Is It Time For AI News Anchors in Pakistan?

"As the era of AI news readers unfolds, Lisa of India joins counterparts in various countries. Pakistan will need a forward-looking approach to remain competitive in the evolving media landscape"

Is It Time For AI News Anchors in Pakistan?

Since the Covid pandemic began, the digital world has boomed, bringing along a wave of new technologies. Among them, artificial intelligence has been particularly transformative. ChatGPT and Google Bard (now known as Gemini), natural language processing chatbots driven by generative AI technology, have revolutionised the way humans, those with natural intelligence, perform tasks and make decisions. 

However, progress often faces resistance. Misconception and opposition inevitably accompany the rise of new technologies as they challenge current norms and conceptual systems, compelling people to adapt to the new environment. The rise of AI is no different. Even before its debut, AI already had an end-of-the-world image issue, and while such scenarios can be useful in keeping discussions of potential future pitfalls of unchecked development alive, such fears are far from reality. For now, existing AI systems perform well within a narrow focus range and with the aid of large amounts of data. With such rigid learning boundaries, any unpredictable event will simply cause a failure in the system. Certainly, there is no clear path to how any machine can become sentient. In many doomsday scenarios, a machine would need to show some level of self-awareness, possibly linked with a sense of self-preservation. Moreover, it would require the means, both in terms of programming and physical capability, to respond to such feedback in order to enhance its chances of survival. Instead, the real danger of AI currently is societal, mainly privacy issues, job displacement, overreliance, and fraud, all of which have a human element to them. Thus, any potential problem caused by AI will be the misuse of such technology by humans.

And so, despite these challenges, AI will keep advancing. Andrew Ng, an expert in AI, terms AI as the New Electricity because, just as electricity transformed the world, no industry will be able to escape the impact of AI this century. And this appears to include the media industry as well.

In the past year, Indian news agencies have garnered international attention through the widespread and swift deployment of AI-powered newsbots. Notably, Odisha TV's Lisa, a multilingual AI news anchor, and Sana, featured on a channel owned by India Today, have made significant strides in the realm of AI-driven news presentation.

Lisa, distinguished by her traditional attire and indigenous appearance, aims to resonate with a broader Indian audience. However, critiques note that her current delivery lacks the desired fluidity, characterised by a slow, monotonous tone and a lack of expressive gestures.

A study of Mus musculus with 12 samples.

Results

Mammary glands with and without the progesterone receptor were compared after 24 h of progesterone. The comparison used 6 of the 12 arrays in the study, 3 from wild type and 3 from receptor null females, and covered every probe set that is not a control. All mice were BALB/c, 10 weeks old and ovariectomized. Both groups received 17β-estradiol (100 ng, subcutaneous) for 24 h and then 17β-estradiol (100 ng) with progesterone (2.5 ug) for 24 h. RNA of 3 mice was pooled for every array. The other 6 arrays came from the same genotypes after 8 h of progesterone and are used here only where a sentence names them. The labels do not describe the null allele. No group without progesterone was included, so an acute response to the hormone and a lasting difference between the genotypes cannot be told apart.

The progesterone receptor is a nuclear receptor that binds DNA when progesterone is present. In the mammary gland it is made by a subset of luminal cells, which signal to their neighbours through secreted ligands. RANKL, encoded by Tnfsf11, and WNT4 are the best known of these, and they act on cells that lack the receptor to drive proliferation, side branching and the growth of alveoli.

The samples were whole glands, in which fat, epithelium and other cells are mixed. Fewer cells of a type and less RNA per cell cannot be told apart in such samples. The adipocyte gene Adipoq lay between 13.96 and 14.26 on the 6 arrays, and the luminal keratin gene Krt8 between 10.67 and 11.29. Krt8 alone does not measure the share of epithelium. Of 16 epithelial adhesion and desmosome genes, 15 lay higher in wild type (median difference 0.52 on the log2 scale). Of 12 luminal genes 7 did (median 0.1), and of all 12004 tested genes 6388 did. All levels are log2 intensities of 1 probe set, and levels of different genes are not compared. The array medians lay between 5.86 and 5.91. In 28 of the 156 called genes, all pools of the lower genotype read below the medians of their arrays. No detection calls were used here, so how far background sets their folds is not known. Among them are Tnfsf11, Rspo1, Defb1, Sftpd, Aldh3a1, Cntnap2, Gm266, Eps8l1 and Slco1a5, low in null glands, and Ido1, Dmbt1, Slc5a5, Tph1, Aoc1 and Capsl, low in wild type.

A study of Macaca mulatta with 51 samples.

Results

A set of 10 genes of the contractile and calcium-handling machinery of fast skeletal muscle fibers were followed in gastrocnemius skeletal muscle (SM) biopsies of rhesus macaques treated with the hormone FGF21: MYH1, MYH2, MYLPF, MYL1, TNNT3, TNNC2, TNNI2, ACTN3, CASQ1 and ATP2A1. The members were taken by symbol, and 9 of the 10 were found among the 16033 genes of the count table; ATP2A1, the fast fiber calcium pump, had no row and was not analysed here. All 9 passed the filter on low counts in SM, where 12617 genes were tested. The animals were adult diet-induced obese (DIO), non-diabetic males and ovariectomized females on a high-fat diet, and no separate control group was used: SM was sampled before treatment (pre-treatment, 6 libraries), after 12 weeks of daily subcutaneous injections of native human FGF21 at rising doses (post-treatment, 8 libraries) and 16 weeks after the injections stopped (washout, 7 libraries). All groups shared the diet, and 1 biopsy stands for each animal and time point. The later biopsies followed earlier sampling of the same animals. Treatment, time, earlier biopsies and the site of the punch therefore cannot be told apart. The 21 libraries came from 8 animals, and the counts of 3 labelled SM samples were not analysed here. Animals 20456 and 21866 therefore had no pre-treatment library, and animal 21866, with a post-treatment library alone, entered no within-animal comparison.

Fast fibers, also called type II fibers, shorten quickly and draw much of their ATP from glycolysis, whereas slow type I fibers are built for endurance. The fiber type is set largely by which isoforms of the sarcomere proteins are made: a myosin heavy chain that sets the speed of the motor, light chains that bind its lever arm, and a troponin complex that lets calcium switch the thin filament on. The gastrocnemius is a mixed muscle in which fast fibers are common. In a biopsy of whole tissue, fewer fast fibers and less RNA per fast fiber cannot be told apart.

Sana, on the other hand, debuts as a fluent communicator in over 75 languages, addressing the linguistic diversity of India with proficiency in English, Hindi, and Bangla. The introduction of such multilingual AI news anchors holds the potential to enhance news accessibility for the diverse populace in a country with 22 official languages.

The pivotal question arises whether Pakistan, sharing similarities in media landscape with India, will follow suit in adopting AI news presenters. Proponents highlight the benefits of continuous availability and immunity to human limitations such as illness, fatigue, vacations, and aging. Robo-news presenters excel in processing and disseminating vast amounts of information consistently, especially during time-sensitive events like elections or financial updates.

However, advocates of AI technology emphasise that these virtual news journalists are not intended to replace human counterparts. Limitations surface in their inability to provide nuanced analysis, critical evaluations, or navigate complex on-the-ground situations. Tasks requiring discernment, like interviews with prominent figures or moderating heated debates, remain within the domain of human journalists.

A pragmatic approach suggests delegating routine news desk tasks, such as weather forecasts, financial data, and sports outcomes, to AI news presenters. This allows human journalists the opportunity to pursue more creative endeavours. Efforts are underway to train these AI news anchors for television debates and real-time interaction with viewers, signalling a potential evolution in their capabilities.

Despite undeniable advantages, the adoption of AI news presenters poses challenges, including potential job displacements and concerns about emotionless and monotonous reporting. Additionally, there's a risk of AI anchors being exploited for misinformation or propaganda, given their algorithmic capacity to control information flow by identifying and omitting specific content.

As the era of AI news readers unfolds, Lisa of India joins counterparts in various countries, necessitating a forward-looking approach for Pakistan to remain competitive in the evolving media landscape. Balancing efficiency with ethical considerations will be imperative in navigating this new frontier.